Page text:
SEAMEO BIOTROP’s 4th Quarterly Public Seminar (QPS) for 2018 focused on characterizaion of forest communities at different elevations specifically at Lore Lindu National Park (LLNP) in Central Sulawesi. The lecture was delivered by Mr Fabian Brambach, a tropical forest ecologist from Germany, on 27 September 2019 at the Centre’s campus in Bogor.
Mr Brambach introduced the participants to the unique flora and fauna of Sulawesi, the largest island in the biogeographical region of Wallacea, such as maleo (Macrocephalon maleo), Sulawesi crested macaque (Macaca nigra) and black ebony (Diospyros celebica Bakh), which are endemic to this island. The presence of various endemic species in this island is due to the complex geological history, topographic complexity, and current geographical position in the centre of the Indo-Australian Archipelago.
Mr Brambach said that one of the most irreplaceable protected areas for the conservation of amphibians, birds and mammals in Sulawesi is the LLNP. The park spans an elevational range from 200 to 2500 m above sea level with a variety of different forest habitats mainly due to differences in elevation. The valleys surrounding LLNP have been densely populated for centuries but use of forest resources has been limited due to the often-difficult access in the mountainous terrain. Nevertheless, in the last decades, deforestation activities have increased around and in the park, potentially threatening local flora and fauna. This is especially concerning in the light of our limited knowledge of the flora and vegetation of LLNP.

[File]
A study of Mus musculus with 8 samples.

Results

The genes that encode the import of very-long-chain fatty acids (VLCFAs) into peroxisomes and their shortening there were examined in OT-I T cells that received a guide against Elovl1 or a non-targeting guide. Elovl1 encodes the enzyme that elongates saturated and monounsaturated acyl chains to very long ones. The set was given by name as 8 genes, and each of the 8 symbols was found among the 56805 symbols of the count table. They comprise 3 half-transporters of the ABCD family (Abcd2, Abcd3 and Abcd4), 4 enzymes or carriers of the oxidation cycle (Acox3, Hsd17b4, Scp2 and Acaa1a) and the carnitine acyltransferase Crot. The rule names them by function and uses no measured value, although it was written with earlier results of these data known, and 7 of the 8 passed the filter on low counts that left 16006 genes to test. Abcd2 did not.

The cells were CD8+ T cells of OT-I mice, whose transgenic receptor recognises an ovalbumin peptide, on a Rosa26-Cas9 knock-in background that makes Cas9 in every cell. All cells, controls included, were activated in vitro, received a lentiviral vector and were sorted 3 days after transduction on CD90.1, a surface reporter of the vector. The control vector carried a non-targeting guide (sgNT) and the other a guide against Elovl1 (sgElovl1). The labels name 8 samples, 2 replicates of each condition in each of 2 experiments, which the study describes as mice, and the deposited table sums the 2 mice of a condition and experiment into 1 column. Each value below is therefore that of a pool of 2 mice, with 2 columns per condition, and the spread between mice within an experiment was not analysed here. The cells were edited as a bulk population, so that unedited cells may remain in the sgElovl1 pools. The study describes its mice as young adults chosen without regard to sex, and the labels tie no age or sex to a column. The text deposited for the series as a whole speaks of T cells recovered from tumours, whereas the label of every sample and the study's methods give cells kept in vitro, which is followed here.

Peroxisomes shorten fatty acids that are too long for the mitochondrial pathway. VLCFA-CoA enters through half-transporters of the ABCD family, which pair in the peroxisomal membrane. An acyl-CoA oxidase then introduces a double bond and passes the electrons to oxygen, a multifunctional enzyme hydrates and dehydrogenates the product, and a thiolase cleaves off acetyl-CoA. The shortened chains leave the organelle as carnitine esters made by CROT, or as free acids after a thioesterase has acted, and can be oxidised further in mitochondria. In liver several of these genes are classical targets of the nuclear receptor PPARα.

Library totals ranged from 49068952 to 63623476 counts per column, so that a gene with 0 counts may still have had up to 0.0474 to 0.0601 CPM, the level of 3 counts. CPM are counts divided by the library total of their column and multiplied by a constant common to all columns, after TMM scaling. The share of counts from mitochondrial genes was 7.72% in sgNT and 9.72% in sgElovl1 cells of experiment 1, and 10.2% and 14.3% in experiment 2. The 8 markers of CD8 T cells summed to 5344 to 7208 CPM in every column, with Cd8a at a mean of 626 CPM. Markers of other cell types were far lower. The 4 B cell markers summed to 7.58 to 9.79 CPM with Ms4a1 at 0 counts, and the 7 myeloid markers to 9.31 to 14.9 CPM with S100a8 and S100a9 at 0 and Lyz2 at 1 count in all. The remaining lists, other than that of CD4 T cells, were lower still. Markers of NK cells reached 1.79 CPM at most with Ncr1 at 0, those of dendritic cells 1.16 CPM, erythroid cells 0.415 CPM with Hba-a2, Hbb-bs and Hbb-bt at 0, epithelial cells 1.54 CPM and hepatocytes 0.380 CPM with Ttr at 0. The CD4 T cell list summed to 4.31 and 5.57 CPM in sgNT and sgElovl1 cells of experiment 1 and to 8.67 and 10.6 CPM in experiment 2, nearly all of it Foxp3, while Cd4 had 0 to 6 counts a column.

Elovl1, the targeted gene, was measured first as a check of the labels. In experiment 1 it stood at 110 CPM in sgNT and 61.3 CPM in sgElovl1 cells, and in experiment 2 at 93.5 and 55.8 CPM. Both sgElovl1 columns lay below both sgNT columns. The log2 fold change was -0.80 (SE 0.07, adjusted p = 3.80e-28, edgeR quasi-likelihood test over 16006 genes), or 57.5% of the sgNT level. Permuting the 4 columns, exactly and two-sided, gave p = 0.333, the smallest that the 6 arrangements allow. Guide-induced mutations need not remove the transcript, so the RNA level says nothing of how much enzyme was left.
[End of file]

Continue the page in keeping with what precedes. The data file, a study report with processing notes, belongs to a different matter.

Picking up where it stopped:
Being a member of a research collaboration on flora conservation among the University of Goettingen, Germany, Tadulako University, Palu, and SEAMEO-BIOTROP, Mr Brambach has been establishing extensive plot-based tree inventories at different elevations in LLNP. Mr Brambach’s research revealed that LLNP supports at least three different vegetation belts: sub-montane forest from 700 to c. 1400 m, lower montane forest from c. 1400 to 2000 m and upper montane forest above 2000 m. The vegetation belts differ markedly in their species composition, general aspect and levels of endemism.
“This research can provide a first classification of the park’s forest types including their respective levels of tree-diversity, endemism and biogeographical relationships, which support a high conservation value of LLNP based on its flora,” concluded Mr Brambach.
Mr Brambach is a researcher in Biodiversity, Macroecology and Biogeography group of the University of Goettingen, under CRC990 (EFForTS) subproject B06: Taxonomic, functional, phylogenetic and biogeographical diversity of vascular plants in rainforest transformation systems on Sumatra (Indonesia). He is pursuing his PhD degree at the same university with a research focusing on species diversity, endemism and biogeography of trees along environmental gradients in tropical mountain forests of Sulawesi, Indonesia.
Mr Brambach’s main research interests revolve around tropical forests, and their flora, especially those of Malesia. Lately, his main focus has been on tropical mountain forests of Sulawesi, where he is trying to understand different dimensions of plant diversity patterns in relation to eco-environmental factors and evolutionary history. The research on Sulawesi includes floristic work and alpha taxonomy, as well as plant ecology along environmental gradients and biogeography. Further interests of his comprise the historical biogeography of species and ecosystems, conservation biology, and the impact of human activities and climate-change on tropical habitats and their components.
The results of his research with his colleagues have been published in several reputable journals. In line with his interest and expertise, he has been registered as a member of Society for Tropical Ecology since 2014 and IUCN/SSC Global Tree Specialist Group since 2016.